Sunday, June 08, 2008

Will Ohio be punished because of Strickland?

That's the basic jist of the suppositions behind this Blade article, "Will the governor's support of Clinton backfire on Ohio?"

If you ask Governor Ted Strickland or Ohio Party Chairman Chris Redfern, they don't seem to believe that's going to happen, though it appears clear that Republicans will use some of Strickland's words against him (at the bottom of this post you'll see it's already started.) Most of us expect this in politics though, it's part of the process of getting the rest of us to join them, yes, the ever popular "unity" theme where the focus switches from beating up on party members to turning to "the other guys."

For me it's one of the reasons I don't take typically take endorsements by electeds seriously, yet having seen Ted Strickland talk about Hillary in person, I do feel that he really did believe some of these comments made such as this:

At the beginning:
"These are very serious times for our nation and the world and I believe we need a serious leader who is capable of bringing about the change that I think we so desperately need," Strickland told reporters on a conference call.

"You know it's tough for a woman to seek the presidency. It's also tough for an African-American to seek the presidency and I understand that, but it seems as if, you know, there's not a double standard when it comes to Sen. Clinton seeking this office, but there's a triple and a quadruple standard and I think she's dealing with all of this with great dignity and courage," he said.

When asked what he meant by triple and quadruple standards, Strickland gave a few examples. "Well, you know, you gotta be strong. You gotta be appropriately emotional. You can't be too critical of your opponent, but you've got to be critical enough. It goes on and on and on. There are assessments made of Sen. Clinton that would never be even considered for a male candidate," he said.

It has to be difficult for him and for some of the others to have truly felt that Clinton was the more electable candidate especially given the time and energy he spent campaigning for Clinton. Yes, I realize it's what is being expected of Clinton supporters as well but there are very few political consequence for us though the pressure will increase and the message will continue as expressed in this Blade article that the goal is now that Obama is better than McCain.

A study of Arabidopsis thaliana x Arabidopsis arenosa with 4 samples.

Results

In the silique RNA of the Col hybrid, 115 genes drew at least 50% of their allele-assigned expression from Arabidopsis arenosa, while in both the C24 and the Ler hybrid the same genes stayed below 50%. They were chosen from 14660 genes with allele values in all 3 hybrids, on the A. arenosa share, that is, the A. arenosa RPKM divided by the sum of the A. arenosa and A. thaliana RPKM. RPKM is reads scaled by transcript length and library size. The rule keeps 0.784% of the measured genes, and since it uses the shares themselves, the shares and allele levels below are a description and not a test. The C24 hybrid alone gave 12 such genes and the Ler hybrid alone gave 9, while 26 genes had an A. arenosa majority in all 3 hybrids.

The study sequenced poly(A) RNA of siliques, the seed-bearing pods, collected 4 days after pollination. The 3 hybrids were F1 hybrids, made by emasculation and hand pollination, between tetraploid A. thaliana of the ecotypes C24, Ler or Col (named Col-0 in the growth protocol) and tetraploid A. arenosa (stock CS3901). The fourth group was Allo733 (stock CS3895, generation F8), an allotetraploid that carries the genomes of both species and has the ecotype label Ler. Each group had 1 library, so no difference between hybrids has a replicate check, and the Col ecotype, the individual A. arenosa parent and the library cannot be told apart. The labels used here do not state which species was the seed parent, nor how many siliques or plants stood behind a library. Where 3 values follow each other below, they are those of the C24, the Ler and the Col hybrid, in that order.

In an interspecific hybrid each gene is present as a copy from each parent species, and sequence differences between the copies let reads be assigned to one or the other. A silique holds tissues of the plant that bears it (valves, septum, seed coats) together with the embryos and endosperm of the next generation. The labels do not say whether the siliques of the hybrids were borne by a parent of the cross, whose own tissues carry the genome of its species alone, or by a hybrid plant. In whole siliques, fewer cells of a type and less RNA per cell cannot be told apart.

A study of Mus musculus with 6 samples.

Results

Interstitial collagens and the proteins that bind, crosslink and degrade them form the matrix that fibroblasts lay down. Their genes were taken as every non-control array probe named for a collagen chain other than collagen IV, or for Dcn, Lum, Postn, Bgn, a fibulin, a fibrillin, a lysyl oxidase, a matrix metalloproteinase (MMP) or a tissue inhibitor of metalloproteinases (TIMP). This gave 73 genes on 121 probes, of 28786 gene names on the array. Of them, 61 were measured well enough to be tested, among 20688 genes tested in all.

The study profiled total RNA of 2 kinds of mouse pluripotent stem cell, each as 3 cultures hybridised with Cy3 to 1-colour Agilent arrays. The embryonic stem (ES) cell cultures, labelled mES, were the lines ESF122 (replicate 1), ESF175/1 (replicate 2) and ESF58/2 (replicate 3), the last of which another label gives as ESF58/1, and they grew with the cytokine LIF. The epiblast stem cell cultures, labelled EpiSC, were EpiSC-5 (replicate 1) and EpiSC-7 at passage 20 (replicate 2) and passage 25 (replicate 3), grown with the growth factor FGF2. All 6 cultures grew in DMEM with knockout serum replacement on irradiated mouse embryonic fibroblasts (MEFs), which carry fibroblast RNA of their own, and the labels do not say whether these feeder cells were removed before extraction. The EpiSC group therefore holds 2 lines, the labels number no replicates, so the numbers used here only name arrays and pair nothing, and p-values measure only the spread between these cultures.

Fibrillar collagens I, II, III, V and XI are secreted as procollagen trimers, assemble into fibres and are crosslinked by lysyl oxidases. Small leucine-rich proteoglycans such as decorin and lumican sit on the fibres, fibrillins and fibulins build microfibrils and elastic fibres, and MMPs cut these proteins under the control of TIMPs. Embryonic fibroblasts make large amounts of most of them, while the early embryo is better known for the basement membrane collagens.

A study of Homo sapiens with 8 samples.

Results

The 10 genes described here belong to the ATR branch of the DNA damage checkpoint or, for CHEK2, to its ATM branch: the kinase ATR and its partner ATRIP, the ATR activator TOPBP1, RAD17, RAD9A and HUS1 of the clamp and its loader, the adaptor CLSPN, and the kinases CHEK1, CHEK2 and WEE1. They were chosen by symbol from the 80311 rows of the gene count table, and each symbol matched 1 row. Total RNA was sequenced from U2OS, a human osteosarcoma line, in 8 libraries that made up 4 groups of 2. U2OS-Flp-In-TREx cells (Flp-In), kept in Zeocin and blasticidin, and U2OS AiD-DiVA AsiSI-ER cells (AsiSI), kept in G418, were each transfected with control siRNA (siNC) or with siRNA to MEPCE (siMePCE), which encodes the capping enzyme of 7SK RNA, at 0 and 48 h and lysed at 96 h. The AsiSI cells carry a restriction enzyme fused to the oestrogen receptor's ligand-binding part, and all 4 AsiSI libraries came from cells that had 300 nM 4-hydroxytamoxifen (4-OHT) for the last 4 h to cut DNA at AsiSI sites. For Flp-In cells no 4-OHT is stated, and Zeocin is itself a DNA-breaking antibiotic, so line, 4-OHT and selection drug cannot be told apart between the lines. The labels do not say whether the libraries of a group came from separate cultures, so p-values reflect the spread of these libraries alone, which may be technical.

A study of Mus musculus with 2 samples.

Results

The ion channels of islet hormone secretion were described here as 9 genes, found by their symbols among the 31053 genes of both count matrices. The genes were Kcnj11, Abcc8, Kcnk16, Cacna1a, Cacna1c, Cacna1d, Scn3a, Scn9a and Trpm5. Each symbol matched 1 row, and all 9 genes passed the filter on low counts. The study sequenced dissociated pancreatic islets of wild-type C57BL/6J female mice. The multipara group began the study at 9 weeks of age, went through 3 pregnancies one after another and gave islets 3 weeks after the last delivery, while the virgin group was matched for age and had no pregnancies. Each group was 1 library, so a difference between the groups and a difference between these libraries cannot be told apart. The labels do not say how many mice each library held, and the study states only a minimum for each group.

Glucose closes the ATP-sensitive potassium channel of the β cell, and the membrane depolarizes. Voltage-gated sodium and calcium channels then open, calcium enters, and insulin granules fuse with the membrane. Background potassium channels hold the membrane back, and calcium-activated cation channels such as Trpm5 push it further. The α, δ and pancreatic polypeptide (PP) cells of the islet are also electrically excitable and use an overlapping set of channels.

The Ohio Republican Party put out a release on June 4th that points out more which is not unexpected. I believe in part that since no matter how many times he says he's not interested, the continued focus on Ted Strickland being a potential vice president for Obama makes him a target. I think many do not feel Strickland is being sincere about not wanting to be vice president, but just as I feel he was sincere about Clinton, he's sincere about not wanting to be vice president not when it was Clinton and not when it's Obama. In this situation I don't see politics creating a scenario where he would change his mind.


Roland Hansen said...

Excellent posting, LisaRenee.
It's unfortunate that The Blade does not have an excellent local political columnist with a regular, at least weekly if not daily, column.
Do you happen to remember Chase Clemens? The local rag has not had anyone near as good as he was with his column some years back; and that includes the now-long-departed Fritz Wenzel. Chase Clemens was with a local television station before his Blade assignment and before he fell to the wrath of JR Block at The Blade. Incidentally, I wonder how many people are aware that Chase was the husband of the former County Recorder Sue Rioux.
I invited Chase Clemens as a guest speaker on an annual basis when I was President of the West Toledo Democratic Club all those many years ago. He was always so insightful in that setting.

Scott G said...

I think Ohio is going to suffer when Iowa invades it because Strickland talked bad about the Iowa caucuses and said they weren't fair or whatever. I may move back to Iowa just so I can join them in their assault.

My whole problem with the Clinton supporters at higher levels is how many supported Senator Clinton because of her policies and qualifications and how many supported her because she is a Clinton. I believe that the lay supporter actually believes she is the best candidate, but how much is just politics as you move up the political food chain.

I feel the same about most national and state leaders that support someone.

Lisa Renee said...

Well Scott, I am against the caucus process as well as the super delegates. So we might have some interesting discussions on that in the future.

I think for our primary process to be one that is truly democratic it has to include a way for all members of a party to be able to have a say, not just a selected few able to be at a certain location. The whole ability to be able to have a secret ballot is one that has been a foundation of our voting system. I think the primaries should reflect that.